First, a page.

A friend messaged me recently, asking for a list of the top 5-10 challenges, problems, and issues facing America in order of priority. I was cooking dinner at the time and wanted to respond before his message got lost or forgotten, so I quickly came back with five: social media etiquette, biased reporting, gaslighting and manipulation, willingness to listen, and complete lack of respect.
There are so many things wrong with the world right now that it was hard to narrow it down, but those seemed like a solid starting point. Without getting political — because, frankly, that should have been number one on my list — the obstacles we face are multifaceted. All the same, every argument shares one common denominator: Us. We are the problem, but we are also the solution.
For me, the most upsetting part of civilization's unrest is the way people are treating one another, particularly on social media. As a mother who has raised her child to be well-mannered and kind, to think before she speaks and respect boundaries, witnessing grown men and women doing the complete opposite is incredibly defeating.
Those of us who are parents, fostering minds and spirits of the future, should be looking inward instead of outward to ensure we are instilling the right message in our children. The world needs decent human beings, not infants who scream at the drop of a hat or bully those who disagree with whatever point they are trying to make.
Parenting is the most influential role a person will ever play. It is the kind of leadership that demands integrity and a tremendous amount of patience, but the payoff is infinite. Every decision you make as a parent — good or bad — impacts the fate of your child. You have the power to make or break a person. Imagine what that can do for society.
It's super easy to point fingers at one person and say, "You did this; it's YOUR fault we are suffering," but the truth is that you cannot blame one individual for the demise of an entire country because it's everyone's responsibility —yes, even you, me, and the kids riding bikes across the street. So ask yourself what it is you want from all of this. Is a new president going to kiss your boo-boo and make it all better? Maybe, for a hot second, but eventually, that person will piss off someone else for doing something that "he, she, they, zir, etc." disagrees with, and the downward spiral will begin again.
It seems as though the line in the sand keeps moving. What started with one objective has led us down a delicate road of autonomous transformation with no end in sight. In my opinion, which doesn't stretch far, we are over-regulating things. There are too many ways for humans to fuck up by saying (or doing) something offensive or unforgivable. The rules have gotten so extreme that many have stopped speaking altogether, and while some are grateful for the reprieve, others are silently casting votes that have nothing to do with an election.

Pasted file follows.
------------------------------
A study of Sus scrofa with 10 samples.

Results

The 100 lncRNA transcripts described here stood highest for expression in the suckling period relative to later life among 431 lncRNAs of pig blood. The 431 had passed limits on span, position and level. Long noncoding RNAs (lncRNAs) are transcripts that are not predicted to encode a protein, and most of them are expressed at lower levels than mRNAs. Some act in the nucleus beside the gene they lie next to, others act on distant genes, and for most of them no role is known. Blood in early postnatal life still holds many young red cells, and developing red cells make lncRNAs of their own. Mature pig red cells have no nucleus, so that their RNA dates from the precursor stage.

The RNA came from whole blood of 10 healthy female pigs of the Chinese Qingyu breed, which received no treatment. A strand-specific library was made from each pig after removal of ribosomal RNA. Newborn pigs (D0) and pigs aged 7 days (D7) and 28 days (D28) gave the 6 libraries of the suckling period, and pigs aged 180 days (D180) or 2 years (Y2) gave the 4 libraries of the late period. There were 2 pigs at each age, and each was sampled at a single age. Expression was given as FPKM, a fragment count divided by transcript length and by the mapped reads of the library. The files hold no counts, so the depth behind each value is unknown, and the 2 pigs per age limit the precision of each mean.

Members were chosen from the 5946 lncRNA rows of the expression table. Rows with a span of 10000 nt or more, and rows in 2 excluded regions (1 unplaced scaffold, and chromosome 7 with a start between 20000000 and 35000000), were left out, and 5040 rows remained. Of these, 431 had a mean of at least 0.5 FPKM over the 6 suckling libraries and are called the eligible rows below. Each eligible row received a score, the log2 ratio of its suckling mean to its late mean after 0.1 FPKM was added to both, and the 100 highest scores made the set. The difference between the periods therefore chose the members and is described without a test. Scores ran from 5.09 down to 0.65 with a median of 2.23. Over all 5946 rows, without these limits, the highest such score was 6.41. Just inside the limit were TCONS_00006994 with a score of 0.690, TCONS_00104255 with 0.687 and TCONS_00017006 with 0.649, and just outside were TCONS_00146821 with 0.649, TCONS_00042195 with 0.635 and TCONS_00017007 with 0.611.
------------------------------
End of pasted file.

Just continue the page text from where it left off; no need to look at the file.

Here's what I'd like to know: At what point do we stop revising speech? When is enough going to be enough, and how the hell are we supposed to keep track of all these real-time changes when the vast majority can't even remember what they went in to get when they walked into the next room?
What will it take to keep the peace so the world can maintain existence?
Even though the human mind can hold an immense amount of shit, the room for error is vast. For instance, how many times have you met someone in public only to turn around and forget their name? Does this make you a horrible person? Are you so fucking arrogant and disrespectful that you refuse to make an effort to remember the name of the person you just met, or does it simply mean that you forgot?
We put so much pressure on ourselves and others to be perfect that we forgot we are playing for the same team: an exponentially flawed human race. We react without thinking, speak out of turn, and don't always listen. On the same token, it appears we all want to live in peace and be loved unconditionally. But how do you expect to reach that goal when you are calling friends and neighbors a "piece of shit" for having opposing views?
Here's a thought: What if you took some time out of your day to list the top 5-10 challenges, problems, and issues (in order of priority) that you believe America is facing, and then ask yourself what you are doing to make them happen. Have you tried complaining about it? —because that doesn't seem to be working.